Brew Fest raises funds to fight Usher syndrome
By Christopher Andersson North County Outlook
Local Jerry Brogan, left, speaks with Molly O'Malley, who works for New Belgium Brewing of Colorado at the Arlington Brew Fest on July 22.
The Arlington Brew Fest returned for a second year, bringing many breweries to Arlington's Legion Park and raising funds for research for a cure of Usher syndrome on July 22.
This is the second year for the event which was started by Vision for a Cure, a local nonprofit that raises funds to fight Usher syndrome.
The syndrome is a genetic disorder that is the cause of hearing loss and blindness in people.
Jeremy Carter, president of Vision for a Cure, said that last year the event went well. They had a capacity of 650 and sold out 40 minutes after the doors opened.
"After seeing how it went last year we upped our capacity to 1,000 and we sold out this morning [July 22], so it's amazing," he said. "It's completely overwhelming to me."
Last year the nonprofit organization was able to give a $25,000 check to the Westerfield Laboratory at the University of Oregon which focuses its research on Usher syndrome.
"Out of our four events we've ever done, that was by far the biggest check we've ever done. It feels pretty good to be able to write that check," said Jeremy Carter.
The Arlington Brew Fest provides a place for independent breweries to showcase their beers locally.
"It's something new for Arlington. I don't live here anymore, but I grew up here, and this has always been home for me," said Jeremy Carter.
"You have different brew fests around the area in Everett or Snohomish, but nothing like that here," he said.
In addition to providing something new to the town they are raising money at the same time, he said.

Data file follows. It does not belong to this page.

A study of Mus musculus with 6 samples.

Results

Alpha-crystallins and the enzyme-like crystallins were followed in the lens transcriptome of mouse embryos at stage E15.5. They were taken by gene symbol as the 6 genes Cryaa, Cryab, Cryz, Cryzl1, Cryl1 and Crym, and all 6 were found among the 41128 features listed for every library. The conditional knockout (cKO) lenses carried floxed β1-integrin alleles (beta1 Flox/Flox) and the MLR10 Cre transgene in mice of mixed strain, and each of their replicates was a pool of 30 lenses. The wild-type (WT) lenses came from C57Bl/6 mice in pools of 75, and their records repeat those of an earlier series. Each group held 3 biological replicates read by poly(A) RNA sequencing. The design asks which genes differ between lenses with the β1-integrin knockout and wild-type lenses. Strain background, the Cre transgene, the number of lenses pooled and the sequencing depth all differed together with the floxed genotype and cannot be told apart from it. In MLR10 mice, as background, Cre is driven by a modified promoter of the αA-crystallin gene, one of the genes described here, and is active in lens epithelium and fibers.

"We didn't get to make it last year and we know it's for a good cause so we wanted to come down," said local Jerry Brogan.
"It's hot out, but it looks like it's going to be a good time," he said.
Jeremy Carter started Vision of a Cure after his wife was diagnosed with Usher syndrome.
"She's a trooper, she handles it better than I do," he said.
Jeremy's wife Jodi Carter said she grew up with hearing aids, but the actual syndrome wasn't diagnosed until later in life.
"In my later years I was having vision problems and I was diagnosed," she said. "They didn't catch it until later because it's such a rare disease."
"For me, my peripheral is closing in and there is the possibility at some point that I could eventually go blind. Hopefully there's so much research going on and so many events like this that there will be a cure found within my lifetime," she said.
There is currently no cure, but Jodi Carter said she was optimistic.
"They're working on it and are very, very, very close, so it's events like this that help that," she said.
Vision for a Cure started the Arlington Brew Fest in an effort to help spread awareness of the disorder.
"It's a very rare disease and if I wasn't married to someone who had it, I would have no idea," said Jeremy Carter.
"We did an event before last year called the Concert in the Garden and it was great, but we were getting all the same people," he said. "And we love those people, but if our mission is to raise awareness, those people are already aware."
The success of the two brew fests so far have "absolutely" helped spread knowledge of the disorder further though.
"We've been unbelievably thankful for the community supporting us," he said.
More information about Vision for a Cure is available at their website at visionforacure.com.